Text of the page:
Skip site navigation (1) Skip section navigation (2)

Section Navigation

Testing Guide for 4.5-RELEASE


As part of our on-going effort to improve the release engineering process, we have identified several areas that need significant quality assurance testing during the release candidate phase. Below, we've listed the changes in 4.5-PRERELEASE that we feel merit the most attention due to their involving substantial changes to the system, or having arrived late in the development cycle leading up to the release. In general, our goal in the QA process is to attempt to check a number of things:

  • The system has not regressed with respects to stability, correctness, interoperability, or performance of features present in prior releases.

  • New features result in the desired improvement in stability, correctness, interoperability, or performance.

To effectively determine this, it's desirable to test the system in a diverse set of environments, applying a wide set of workloads, forcing the system to operate both within and outside its normal specification. Particular focus should often be placed on the continuing (or new) capability of the system to perform correctly when used in concert with systems from other vendors.

Features to explore carefully:

  • Recent TCP changes, especially relating to the delayed ACK fix, congestion response, syncache, syncookies, increased socket buffer sizes, et al. We're interested in testing interoperability with as many platforms as possible, demonstrating continued strong (and better) scalability and performance, and watching out for quirks (connection stalls, ...), not to mention crashes. Jonathan Lemon was responding to a panic report on freebsd-current earlier today regarding a PCB call, which is something we should keep an eye on. On the other hand, Yahoo! is now deploying this code, and that should help test it a great deal.

  • VFS/VM/NFS fixes. We need to continue to test performance, correctness, and interoperability. In particular, I'd like to see a lot of inter-platform performance testing (FreeBSD->Solaris, vice versa, etc). We'd also like careful investigation of low-memory situations.

  • FFS fixes. We had some reports of deadlocks in FFS; it sounds like Matt Dillon has caught most of them, but combinations I'd particular like to see tested involve Quotas, Chroot, and NFS, under load, and involving memory mapping and heavy directory operations.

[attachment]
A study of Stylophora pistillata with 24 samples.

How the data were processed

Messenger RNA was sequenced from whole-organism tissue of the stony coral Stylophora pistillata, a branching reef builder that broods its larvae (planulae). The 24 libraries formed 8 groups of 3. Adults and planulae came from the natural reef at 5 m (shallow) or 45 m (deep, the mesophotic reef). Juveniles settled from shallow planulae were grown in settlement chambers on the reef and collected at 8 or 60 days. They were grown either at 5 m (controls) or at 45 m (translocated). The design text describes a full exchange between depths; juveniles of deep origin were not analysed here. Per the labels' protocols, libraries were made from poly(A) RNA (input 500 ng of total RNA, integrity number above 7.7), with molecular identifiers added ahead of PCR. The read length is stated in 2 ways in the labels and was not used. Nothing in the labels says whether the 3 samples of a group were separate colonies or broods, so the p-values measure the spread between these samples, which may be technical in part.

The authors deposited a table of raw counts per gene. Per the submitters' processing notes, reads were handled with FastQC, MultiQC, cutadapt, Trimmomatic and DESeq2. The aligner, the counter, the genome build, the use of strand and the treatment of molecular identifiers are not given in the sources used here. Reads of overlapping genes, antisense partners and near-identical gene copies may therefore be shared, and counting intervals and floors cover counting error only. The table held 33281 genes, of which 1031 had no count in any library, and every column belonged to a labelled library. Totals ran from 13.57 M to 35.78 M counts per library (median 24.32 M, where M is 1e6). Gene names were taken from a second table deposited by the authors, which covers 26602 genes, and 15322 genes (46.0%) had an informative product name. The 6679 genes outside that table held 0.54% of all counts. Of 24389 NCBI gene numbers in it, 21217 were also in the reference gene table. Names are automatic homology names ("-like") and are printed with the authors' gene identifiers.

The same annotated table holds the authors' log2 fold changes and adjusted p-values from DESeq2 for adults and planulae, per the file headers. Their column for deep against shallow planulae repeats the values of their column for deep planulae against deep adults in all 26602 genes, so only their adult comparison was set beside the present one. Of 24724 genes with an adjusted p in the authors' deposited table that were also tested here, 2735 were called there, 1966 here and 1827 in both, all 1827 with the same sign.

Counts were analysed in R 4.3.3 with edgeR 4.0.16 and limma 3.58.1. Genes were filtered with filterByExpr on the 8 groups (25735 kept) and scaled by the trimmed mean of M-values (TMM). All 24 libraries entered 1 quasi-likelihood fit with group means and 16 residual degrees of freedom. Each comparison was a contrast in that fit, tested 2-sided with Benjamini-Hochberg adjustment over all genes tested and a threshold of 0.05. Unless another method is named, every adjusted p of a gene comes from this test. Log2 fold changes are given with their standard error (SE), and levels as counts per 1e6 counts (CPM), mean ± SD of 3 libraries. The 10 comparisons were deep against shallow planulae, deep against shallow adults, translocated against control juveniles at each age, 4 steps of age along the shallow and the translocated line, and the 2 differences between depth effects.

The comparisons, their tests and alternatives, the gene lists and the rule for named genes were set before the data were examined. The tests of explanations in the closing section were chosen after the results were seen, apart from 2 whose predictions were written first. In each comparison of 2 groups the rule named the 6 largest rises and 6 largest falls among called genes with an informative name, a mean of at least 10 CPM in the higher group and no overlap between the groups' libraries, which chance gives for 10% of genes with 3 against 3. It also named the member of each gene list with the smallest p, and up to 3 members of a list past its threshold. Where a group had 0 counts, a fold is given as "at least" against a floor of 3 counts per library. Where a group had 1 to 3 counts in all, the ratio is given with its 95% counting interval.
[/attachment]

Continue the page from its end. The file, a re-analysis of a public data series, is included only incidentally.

• NTP 4.1. This is probably reasonable safe, but it doesn't hurt to do interop testing, especially on the Alpha platform.

  • SMBfs. We need stability testing, mostly, I suspect. Performance is probably not a large focus. While SMBfs support has been available on -STABLE through a port previously, determining that the integration with the base system (especially the boot process) was done correctly is important. Attempting to use SMBfs in /etc/fstab in a diskless environment might be one thing to explore, for example.

  • Once the man page change goes in (which I think it should) we'll want some basic testing of the man command. Update: This change proved too controversial for introduction this late in the release cycle, and so it will not be included with FreeBSD 4.5.

  • cdboot. Late in the release cycle, a new implementation of the CD-based boot loader was introduced. This should generally improve support for booting or installing from CD, but this change requires testing on a variety of architectures and devices. Update: Thanks to everyone who helped test this functionality. A number of users reported problems booting with this new loader, so this will not be used for FreeBSD 4.5.

  • Sysinstall module loading. In order to make room for more devices on the boot floppy, a number of wireless Ethernet device drivers were moved over to the MFSROOT floppy in the form of loadable kernel modules. We would like to see this functionality tested thoroughly before the final release.

  • ATA code. The ATA driver has been updated to support 48bit addressing and has been tested to work with at least one 160GB IDE drive. Further testing with very large IDE drives is necessary.

  • XFree86. There was at least one problem report with XFree86 4.x sent to the mailing list. Please help us test this important third party software package to ensure it works well with FreeBSD 4.5. The FreeBSD Handbook may need to be updated to describe the recommended procedure for installing XFree86 4.x during a new installation.
  • Linux Compatibility. There was a small change in the Ethernet device enumeration of the Linux compatibility layer. All Linux applications should be tested under the new environment. In particular, those applications that deal with network interfaces should be tested carefully.

The release notes will always be a good place to look for things to test. There are a number of new drivers, including if_em, which would probably benefit from more exposure. Please report bugs to the list, and/or via send-pr with a heads up to the qa list.

Known Issues

4.5 Release Candidate 3 was released on January 23. There will be one final release candidate before the final release. Please see the postings to and for more information.